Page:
IDW’s “Mirror Broken” series was one of the most exciting Star Trek series I’ve ever read and clearly fans agreed or we wouldn’t be getting this sequel series. It appears series writers David and Scott Tipton are going to bring the evil universe Picard and his crew face to face with the TNG heroes we know and love. By the end of this first issue though know there’s even more crossover action than you might expect.
So what’s it about?
The official summary reads:
Because you demanded it! Following up the smash-hit miniseries MIRROR BROKEN, the Mirror Universe Next Generation crew is looking for new worlds to conquer, and they’re crossing over to the Prime Star Trek Universe to find them! Also in each issue: Just how did the Mirror Universe crew find their way to ours, and what does Emperor Spock have to do with it? Backup stories every issue illustrated by MIRROR BROKEN co-creator J.K. Woodward!
Why does this matter?
This issue has hotshot artist Marcus To drawing the main story, but previous series artist J.K. Woodward telling the second story. The first ties the mirror universe into the main one, while the second tells a story that involves an iconic original series character. That’s big and an exciting element for longtime fans of the original series.
Fine, you have my attention. What’s good about it?
The main story focuses on Worf, possibly the coolest TNG character there is, investigating some suspicious business. This leads to some revelations and the eventual shock moment of seeing something that’s familiar but not. Hence the mirror aspect of the series name. The Tiptons do a good job writing Worf, who sounds and looks just like the character. It builds towards a cliffhanger that will make you come back for more next issue.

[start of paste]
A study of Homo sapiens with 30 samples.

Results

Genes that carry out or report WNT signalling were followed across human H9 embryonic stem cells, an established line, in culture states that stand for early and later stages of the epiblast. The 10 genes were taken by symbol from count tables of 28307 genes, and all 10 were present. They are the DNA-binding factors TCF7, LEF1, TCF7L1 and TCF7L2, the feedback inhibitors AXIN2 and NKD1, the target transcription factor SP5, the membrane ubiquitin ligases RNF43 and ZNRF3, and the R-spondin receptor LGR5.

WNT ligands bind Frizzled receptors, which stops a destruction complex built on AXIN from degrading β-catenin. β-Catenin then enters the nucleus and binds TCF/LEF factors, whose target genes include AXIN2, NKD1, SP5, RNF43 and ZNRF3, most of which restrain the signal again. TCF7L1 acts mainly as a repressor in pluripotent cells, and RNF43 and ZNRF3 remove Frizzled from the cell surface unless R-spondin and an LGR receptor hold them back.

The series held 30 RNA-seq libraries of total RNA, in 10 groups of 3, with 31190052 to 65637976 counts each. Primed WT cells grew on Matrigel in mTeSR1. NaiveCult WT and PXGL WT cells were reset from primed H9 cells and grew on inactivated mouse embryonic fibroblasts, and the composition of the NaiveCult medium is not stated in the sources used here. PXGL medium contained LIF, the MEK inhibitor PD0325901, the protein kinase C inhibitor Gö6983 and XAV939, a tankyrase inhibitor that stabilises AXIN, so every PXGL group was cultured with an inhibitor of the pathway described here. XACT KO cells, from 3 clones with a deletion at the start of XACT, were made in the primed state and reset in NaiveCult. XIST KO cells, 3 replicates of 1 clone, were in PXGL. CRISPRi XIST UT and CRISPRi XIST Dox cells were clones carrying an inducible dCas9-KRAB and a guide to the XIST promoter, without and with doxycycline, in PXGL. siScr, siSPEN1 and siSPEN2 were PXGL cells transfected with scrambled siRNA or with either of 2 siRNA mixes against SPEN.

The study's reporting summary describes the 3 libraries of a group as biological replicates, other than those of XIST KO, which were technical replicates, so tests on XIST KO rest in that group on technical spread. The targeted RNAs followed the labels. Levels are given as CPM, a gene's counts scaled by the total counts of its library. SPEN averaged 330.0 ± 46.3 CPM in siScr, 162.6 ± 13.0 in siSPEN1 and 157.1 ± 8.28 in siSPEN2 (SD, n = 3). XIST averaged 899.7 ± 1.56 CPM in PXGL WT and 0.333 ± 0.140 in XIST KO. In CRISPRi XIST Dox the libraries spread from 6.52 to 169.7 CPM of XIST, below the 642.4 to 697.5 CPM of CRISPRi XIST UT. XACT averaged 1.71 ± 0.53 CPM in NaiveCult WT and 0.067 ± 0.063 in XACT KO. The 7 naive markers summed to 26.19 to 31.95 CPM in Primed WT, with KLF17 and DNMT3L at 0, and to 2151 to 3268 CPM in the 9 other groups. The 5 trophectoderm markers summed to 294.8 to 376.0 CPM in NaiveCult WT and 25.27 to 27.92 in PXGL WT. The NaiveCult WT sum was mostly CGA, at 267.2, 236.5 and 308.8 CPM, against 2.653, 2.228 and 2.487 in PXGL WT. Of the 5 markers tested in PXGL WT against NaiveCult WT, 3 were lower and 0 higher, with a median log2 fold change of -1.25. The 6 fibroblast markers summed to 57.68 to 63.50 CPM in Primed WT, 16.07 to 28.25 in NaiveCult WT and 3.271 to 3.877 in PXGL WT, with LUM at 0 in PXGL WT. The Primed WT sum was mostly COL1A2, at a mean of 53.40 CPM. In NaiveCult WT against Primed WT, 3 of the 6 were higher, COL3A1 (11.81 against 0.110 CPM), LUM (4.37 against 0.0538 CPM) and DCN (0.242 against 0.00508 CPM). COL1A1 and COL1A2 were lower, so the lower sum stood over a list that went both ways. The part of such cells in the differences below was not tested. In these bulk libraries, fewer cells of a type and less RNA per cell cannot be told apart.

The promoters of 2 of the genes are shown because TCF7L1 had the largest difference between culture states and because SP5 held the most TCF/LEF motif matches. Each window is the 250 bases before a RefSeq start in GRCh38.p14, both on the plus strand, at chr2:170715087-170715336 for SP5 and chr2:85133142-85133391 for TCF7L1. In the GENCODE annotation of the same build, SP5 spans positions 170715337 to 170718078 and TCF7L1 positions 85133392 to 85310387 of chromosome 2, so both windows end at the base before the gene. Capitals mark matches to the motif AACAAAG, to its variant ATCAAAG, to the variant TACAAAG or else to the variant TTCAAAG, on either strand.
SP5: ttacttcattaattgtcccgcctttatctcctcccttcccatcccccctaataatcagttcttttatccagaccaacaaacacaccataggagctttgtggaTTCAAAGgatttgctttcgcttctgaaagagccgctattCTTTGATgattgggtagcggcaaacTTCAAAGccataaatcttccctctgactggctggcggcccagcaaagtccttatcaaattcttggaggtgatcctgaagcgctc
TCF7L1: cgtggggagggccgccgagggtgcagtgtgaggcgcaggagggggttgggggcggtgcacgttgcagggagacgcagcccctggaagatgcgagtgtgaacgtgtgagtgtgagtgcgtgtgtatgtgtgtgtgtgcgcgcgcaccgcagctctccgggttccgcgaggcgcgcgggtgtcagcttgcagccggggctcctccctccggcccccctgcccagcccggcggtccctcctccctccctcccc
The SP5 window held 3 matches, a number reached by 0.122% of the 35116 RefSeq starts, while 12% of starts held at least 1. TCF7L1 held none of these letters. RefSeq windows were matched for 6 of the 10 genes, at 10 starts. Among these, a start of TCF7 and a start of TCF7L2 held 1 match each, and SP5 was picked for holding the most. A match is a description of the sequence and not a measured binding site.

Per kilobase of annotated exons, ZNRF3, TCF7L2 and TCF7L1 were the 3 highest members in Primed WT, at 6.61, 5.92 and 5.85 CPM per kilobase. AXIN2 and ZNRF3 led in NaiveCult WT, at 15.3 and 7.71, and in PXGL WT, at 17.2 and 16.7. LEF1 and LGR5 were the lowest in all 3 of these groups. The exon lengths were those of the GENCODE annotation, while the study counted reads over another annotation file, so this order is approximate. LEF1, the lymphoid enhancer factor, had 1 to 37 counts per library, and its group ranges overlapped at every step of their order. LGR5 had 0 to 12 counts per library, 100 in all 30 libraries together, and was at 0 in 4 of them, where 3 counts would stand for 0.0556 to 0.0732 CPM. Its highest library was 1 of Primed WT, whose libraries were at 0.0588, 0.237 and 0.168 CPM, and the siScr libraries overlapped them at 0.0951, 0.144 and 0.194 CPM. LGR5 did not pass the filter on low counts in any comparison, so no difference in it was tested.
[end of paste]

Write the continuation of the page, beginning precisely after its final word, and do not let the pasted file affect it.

The second story is where this issue really shines; it begins to explain a whole different story entirely, unless of course this somehow ties into the main one. This story uses Woodward’s photorealistic style and has a darker, grittier tone that suits the mirror universe characters story well. It’s only four pages, but does a good job piquing your interest much like the cliffhanger of the first story.
It can’t be perfect can it?
The main story runs a bit long, never really getting to the meat of the crossover and instead languishes in the somewhat mundane mission Worf is on. I don’t know why the Tiptons are dragging out the eventual meet up of mirror selves, but they’re taking their time. The second story is good, but has its own problems, mostly being way too much dialogue. Either they didn’t have enough pages, or they simply decided to dump a ton of dialogue on readers on the very last page. It’s almost comical how much the word balloons cover up the panels. This backup could have used a few pages to let it breath.
Is It Good?
This is a good, but not great issue. It gets the ball rolling on two major plots and will pique your interest, but the first is paced too slowly and the second is overflowing with dialogue and exposition. Both stories will leave you wanting more, but only because they’re both teasing rather than delivering on expectations.